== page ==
Bullock Correctional Facility (L) and Donaldson Correctional Facility. (Via GOOGLE EARTH)
House and Senate lawmakers in Alabama met informally Sept. 8 to discuss the latest version of a Republican plan to build three new prisons in the state, before renovating some existing facilities and closing four others.
The draft proposal includes two new men's prisons, each with 4,000 beds each: one in Elmore County and another in Escambia County — both of which are much larger than any of Alabama's 14 current prisons. In addition, a women's facility would later be built in Elmore County. The plan also calls for buying or leasing a vacant private prison in Perry County, AL.com reported.
What remains murky, though, is how much money will Alabama's taxpayers have to pay for the new and refurbished prisons.
An earlier version of the bill, obtained by Alabama Political Reporter (APR), would have used a portion of the state's property and alcohol taxes to secure bonds to pay for construction and renovations.
According to APR, the latest draft proposal includes a bond issuance of up to $785 million to fund the first phase of the planned construction, which includes both new prisons for men.
The bonds would be issued by the Alabama Corrections Institution Finance Authority, which would include Gov. Kay Ivey, the commissioner of the state Department of Corrections (ADOC), the state finance director, the chairs of the House and Senate general fund committees, one legislator picked by the House and Senate minority caucuses, and the director of the Bureau of Pardons and Paroles.
Debt service is estimated at $50 million a year.
Attempts by AL.com to reach several lawmakers to discuss those estimates, and both versions of the draft legislation, had been unsuccessful as of Sept. 9.
APR asked Ivey's office the day before if the governor had an idea of what the total estimated cost of the proposal would be. Her press secretary, Gina Maiola, declined to answer on the record, and directed the news site to a letter Ivey wrote to members of the Legislature.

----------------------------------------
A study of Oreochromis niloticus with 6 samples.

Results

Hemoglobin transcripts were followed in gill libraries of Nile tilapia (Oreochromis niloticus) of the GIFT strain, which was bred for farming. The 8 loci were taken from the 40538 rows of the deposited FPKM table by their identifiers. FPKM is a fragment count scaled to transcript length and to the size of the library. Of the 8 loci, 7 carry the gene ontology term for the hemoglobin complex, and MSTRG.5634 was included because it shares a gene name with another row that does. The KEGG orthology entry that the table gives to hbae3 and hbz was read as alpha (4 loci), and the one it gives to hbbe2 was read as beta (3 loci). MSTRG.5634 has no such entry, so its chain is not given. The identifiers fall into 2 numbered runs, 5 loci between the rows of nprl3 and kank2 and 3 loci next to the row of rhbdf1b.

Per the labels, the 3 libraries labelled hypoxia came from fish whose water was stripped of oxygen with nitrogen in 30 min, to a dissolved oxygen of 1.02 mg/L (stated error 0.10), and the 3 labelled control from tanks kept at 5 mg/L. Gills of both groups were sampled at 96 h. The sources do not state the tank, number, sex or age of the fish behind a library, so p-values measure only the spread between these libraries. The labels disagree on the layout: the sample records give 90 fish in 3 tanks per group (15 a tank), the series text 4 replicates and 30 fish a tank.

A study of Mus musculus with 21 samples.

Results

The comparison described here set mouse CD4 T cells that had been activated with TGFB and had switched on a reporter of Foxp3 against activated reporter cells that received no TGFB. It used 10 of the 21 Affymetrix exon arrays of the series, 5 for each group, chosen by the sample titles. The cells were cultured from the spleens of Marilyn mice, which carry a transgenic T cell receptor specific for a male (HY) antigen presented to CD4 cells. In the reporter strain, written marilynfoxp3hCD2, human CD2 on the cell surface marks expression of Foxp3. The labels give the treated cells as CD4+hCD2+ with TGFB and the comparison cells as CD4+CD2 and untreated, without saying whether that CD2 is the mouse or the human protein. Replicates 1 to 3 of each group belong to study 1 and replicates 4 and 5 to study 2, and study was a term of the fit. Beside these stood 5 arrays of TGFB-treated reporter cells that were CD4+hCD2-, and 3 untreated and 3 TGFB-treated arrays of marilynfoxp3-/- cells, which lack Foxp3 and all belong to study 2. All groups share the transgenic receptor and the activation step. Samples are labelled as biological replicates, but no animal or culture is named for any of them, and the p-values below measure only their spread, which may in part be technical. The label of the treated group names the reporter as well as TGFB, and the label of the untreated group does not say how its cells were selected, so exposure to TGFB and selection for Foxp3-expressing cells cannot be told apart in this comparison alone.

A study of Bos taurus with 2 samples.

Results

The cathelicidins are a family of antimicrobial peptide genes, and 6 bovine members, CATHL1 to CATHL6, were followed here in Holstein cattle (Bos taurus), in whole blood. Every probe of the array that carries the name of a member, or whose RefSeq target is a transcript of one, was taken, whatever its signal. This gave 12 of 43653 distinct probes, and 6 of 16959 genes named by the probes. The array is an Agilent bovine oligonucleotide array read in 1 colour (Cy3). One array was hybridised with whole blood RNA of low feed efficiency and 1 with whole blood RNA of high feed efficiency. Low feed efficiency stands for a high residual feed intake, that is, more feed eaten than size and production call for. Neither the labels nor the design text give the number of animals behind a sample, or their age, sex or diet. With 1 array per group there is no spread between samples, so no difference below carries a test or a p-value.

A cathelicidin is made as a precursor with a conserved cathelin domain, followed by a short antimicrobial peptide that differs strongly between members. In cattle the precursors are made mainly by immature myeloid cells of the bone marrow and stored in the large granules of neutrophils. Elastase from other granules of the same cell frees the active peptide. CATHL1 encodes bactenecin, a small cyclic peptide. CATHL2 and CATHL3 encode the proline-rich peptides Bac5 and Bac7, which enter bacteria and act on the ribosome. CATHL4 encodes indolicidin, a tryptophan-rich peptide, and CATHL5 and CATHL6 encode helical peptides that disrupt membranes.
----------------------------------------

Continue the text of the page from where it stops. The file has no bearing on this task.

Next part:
The Montgomery Advertiser reported that Ivey's letter read, in part, "Many of our existing facilities face severe space constraints in providing important services such as mental health services, substance abuse treatment and educational and vocational programs. Experience teaches that one powerful way to reduce crime is to prepare our current inmates for life outside prison once they are paroled or complete their sentence."
Federal funds also might help cover the costs, AL.com noted. In July, ADOC Commissioner Jeff Dunn asked the U.S. Treasury Department if federal funds Alabama received from the American Rescue Plan Act, a coronavirus relief package passed by Congress, could be used for prison construction, in part because it would mean improved health care for inmates.
Prison Construction to Be Done in Three Phases
According to the current bill, within one year of the completion of the Phase 1 prisons in Elmore and Escambia counties, four prisons would close: the Hamilton prison for the Aged and Infirmed in Marion County, the Elmore and Staton prisons in Elmore County, and Kilby prison in Montgomery County.
The second phase of the prison construction plan is to include the building of a new 1,000-bed women's facility, to replace the Julia Tutwiler Prison for Women, and renovations of prisons in Limestone and Jefferson counties, along with upgrades of one prison in either Barbour or Bullock counties.
Phase 2 would start after the completion of at least 60 percent of Phase 1 and the certification that funds are available.
"Phase II projects would be funded through sources appropriated by the Legislature on a pay per project basis," reads a synopsis of the bill included in a Sept. 7 AL.com article.
An evaluation by the ADOC, in conjunction with the Legislature's prison oversight committee, to determine if more prisons should close, would make up Phase 3 of the proposal.
Bill Follows Failure to Privatize Alabama's Prisons
Ivey, the ADOC and state legislators began work on the proposal after the governor's plan to lease and operate prisons built and owned by a private developer, CoreCivic collapsed in June because the company could not obtain financing.
Some of the work from that two-year-long process, though, will be incorporated into the new plan, AL.com noted.
The general contracting companies that were picked to build the prisons under the lease plan could get the contracts to build the new Elmore and Escambia prisons through negotiations with the state, according to the bill summary. Competitive bidding would be required on all site work and subcontracted work.
Alabama officials have discussed options for building new prisons for at least the last five years as the state's facilities are overcrowded and understaffed. The ADOC regards many of them as being in poor condition with outdated designs and would not be financially feasible to renovate. The average age of Alabama's prisons are 44 years.
In an interview with AL.com, Sen. Clyde Chambliss, a Republican from Prattville, said he was optimistic the state is close to a solution on building prisons that Alabama would own on existing state property. Chambliss, one of the lawmakers involved in the discussions that led to the draft bill, said he hoped lawmakers could meet in a special session in late September of early October to debate the prison plan.